Chapter 2. TYPES OF TRANSLATION






CLASSIFICATION CRITERIA

 

There are some criteria for classifying translation:

1) The first one is based on who does the translation. These days translation may be done by a human translator or by computer.

2) Form of speech: according to this criterion, translation as a written form, sight translation (or translation-at-sight, on-sight translation) as the oral translation of written text, and interpreting as oral translation of oral discourse are differentiated. This criterion also involves subtitling, that is visual translation involving the superimposition of written text onto the screen, and dubbing, or the replacement of the original speech by a voice track which attempts to follow as closely as possible the timing, phrasing and lip movements of the original dialogue.

3) Source text perception: a translator can see or hear the text.

4) Time lapse between the source text perception and translation: consecutive and simultaneous interpreting.

5) Number of languages in translation situation: one-way or two-way translation.

6) Direction of translation: direct translation, that is, translation into the mother-tongue, and inverse translation, or translation into a foreign language.

7) Methods of interpreting: note-taking interpretation, phrase-by-phrase interpretation

8) Functional style and genre of the text: literary works and informative texts.

MACHINE TRANSLATION

 

The first idea of machine translation is known to have been expressed in 1933 by the Soviet engineer Petr Smirnov-Troyansky but it is not he but Warren Weaver who is credited as the founding father of Machine Translation (MT) research.17 The first demonstration of an MT system took place in 1954 in Georgetown University, U.S.A., where the experiment of making a computer translate words from Russian into English was conducted.

Machine translation is based on analysis and synthesis operations and has required many years of hard work and frustrations. Sometimes the end-product of the machine translation was so ridiculous (like Out of sight, out of mind. – Слепой идиот), that in the 1960s there happened a machine translation ‘recession’. However, with third-generation computer systems emerging in the 1970s, interest in machine translation was revived. Word-processors appeared and today’s translators cannot imagine their lives without them.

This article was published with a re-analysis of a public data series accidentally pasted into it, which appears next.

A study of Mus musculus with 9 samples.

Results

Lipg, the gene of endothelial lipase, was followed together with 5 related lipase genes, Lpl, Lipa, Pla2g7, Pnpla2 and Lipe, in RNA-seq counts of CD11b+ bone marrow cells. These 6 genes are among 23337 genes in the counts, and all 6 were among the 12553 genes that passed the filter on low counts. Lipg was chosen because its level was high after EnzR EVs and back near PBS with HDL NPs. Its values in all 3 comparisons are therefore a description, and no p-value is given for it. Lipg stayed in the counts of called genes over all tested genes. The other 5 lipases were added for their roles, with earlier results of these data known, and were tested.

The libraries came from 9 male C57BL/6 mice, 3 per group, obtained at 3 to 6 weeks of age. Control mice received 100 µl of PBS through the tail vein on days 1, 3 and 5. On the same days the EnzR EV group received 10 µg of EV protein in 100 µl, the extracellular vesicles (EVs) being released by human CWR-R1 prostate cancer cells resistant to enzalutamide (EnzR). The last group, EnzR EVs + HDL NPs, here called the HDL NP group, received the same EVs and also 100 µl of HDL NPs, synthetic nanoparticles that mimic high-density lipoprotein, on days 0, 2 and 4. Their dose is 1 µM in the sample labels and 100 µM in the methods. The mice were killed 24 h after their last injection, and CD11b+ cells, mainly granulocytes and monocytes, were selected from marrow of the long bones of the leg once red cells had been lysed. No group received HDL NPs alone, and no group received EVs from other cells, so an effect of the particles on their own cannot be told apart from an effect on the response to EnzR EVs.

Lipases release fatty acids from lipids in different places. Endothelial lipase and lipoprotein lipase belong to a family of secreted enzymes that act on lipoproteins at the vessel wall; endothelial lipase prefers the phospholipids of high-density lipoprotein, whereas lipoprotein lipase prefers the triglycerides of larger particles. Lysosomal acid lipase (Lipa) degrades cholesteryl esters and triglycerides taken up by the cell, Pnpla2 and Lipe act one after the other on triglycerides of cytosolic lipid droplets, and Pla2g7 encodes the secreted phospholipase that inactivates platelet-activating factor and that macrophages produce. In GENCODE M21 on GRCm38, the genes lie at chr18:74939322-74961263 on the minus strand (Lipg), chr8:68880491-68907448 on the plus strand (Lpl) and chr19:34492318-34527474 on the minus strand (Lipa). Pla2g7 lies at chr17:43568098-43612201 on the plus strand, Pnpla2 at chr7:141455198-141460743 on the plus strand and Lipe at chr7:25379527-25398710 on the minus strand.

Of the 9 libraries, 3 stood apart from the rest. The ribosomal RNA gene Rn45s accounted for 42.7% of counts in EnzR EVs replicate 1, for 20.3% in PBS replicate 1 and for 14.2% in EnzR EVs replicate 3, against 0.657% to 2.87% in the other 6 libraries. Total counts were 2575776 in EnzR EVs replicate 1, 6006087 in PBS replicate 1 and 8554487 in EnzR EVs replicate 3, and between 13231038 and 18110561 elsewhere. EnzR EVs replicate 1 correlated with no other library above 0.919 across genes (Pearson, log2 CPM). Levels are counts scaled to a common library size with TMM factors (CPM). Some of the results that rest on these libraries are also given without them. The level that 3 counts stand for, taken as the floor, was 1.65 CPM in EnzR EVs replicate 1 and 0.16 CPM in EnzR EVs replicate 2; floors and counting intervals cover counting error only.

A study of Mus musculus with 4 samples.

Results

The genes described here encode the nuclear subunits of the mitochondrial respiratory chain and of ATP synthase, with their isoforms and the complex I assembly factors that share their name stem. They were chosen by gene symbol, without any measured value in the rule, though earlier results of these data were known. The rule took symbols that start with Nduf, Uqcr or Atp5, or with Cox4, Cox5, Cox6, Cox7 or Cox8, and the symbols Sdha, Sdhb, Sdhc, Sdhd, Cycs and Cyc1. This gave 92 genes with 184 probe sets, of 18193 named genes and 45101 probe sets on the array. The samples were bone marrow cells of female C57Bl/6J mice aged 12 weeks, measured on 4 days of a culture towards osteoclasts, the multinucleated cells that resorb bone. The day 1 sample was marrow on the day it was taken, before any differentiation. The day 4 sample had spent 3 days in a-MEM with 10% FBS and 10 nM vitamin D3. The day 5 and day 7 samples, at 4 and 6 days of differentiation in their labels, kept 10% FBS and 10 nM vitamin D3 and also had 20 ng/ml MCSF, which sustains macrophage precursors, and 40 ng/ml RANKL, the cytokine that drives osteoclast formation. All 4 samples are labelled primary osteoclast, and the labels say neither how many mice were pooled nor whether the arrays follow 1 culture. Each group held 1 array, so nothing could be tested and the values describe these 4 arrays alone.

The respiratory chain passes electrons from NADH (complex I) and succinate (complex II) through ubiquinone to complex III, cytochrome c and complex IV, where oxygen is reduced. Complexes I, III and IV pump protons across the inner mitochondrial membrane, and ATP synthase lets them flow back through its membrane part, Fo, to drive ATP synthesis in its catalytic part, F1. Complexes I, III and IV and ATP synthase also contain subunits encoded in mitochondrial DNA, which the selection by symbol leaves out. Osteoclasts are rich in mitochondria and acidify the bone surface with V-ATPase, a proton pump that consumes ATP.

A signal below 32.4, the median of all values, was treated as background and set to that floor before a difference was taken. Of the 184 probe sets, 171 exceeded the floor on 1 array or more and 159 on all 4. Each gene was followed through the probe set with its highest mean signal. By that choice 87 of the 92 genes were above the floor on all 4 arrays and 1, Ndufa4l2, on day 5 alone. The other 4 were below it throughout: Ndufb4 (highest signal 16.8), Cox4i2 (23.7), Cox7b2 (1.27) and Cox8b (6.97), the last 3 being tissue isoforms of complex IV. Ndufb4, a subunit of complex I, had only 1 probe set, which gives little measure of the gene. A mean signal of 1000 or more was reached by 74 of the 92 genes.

Today, machine translation is often called computer-aided translation (CAT). CAT systems are divided into two groups: machine-aided human translation (MAHT) and human-aided machine translation (HAMT). The difference between the two lies in the roles of computer and human translator.

In MAHT, a translator makes the translation, then uses the computer as a tool for typing, checking spelling, grammar, style; for printing the target text, for looking up words in electronic dictionaries and data bases, for getting references on CD-ROMs and other sources, for consulting about contexts, for discussing problems in the web, for seaching a job, etc.

In HAMT, the translation is automated, done by a computer but requiring the assistance of a human editor. There are two phases of human help: pre-editing and post-editing. In pre-editing, an operator (or a customer) prepares the text for input. A special computer translation program transfers the text from one language to another. Then a translator does the post-editing, mostly by correcting the word usage.

Machine translation has a number of advantages and disadvantages. The advantage is, first and foremost, its fast speed, which saves time, so important these days. The computer is tireless; it can work day and night. Now that there are lap-tops, a computer is a very flexible and convenient tool: it can accompany a translatoranywhere. Computers are also of great help to disabled people, especially computers working with a human voice.

On the other hand, computers are restricted to the materials. They can translate only clichéd texts. They cannot translate unpredictable texts, like fiction, for example. Usually they provide ‘raw translation’. Another disadvantage is that they are still rather expensive. They require constant upgrading, which is usually not cheap. Computer viruses are a serious danger to work. And computers are not absolutely safe for human health, either.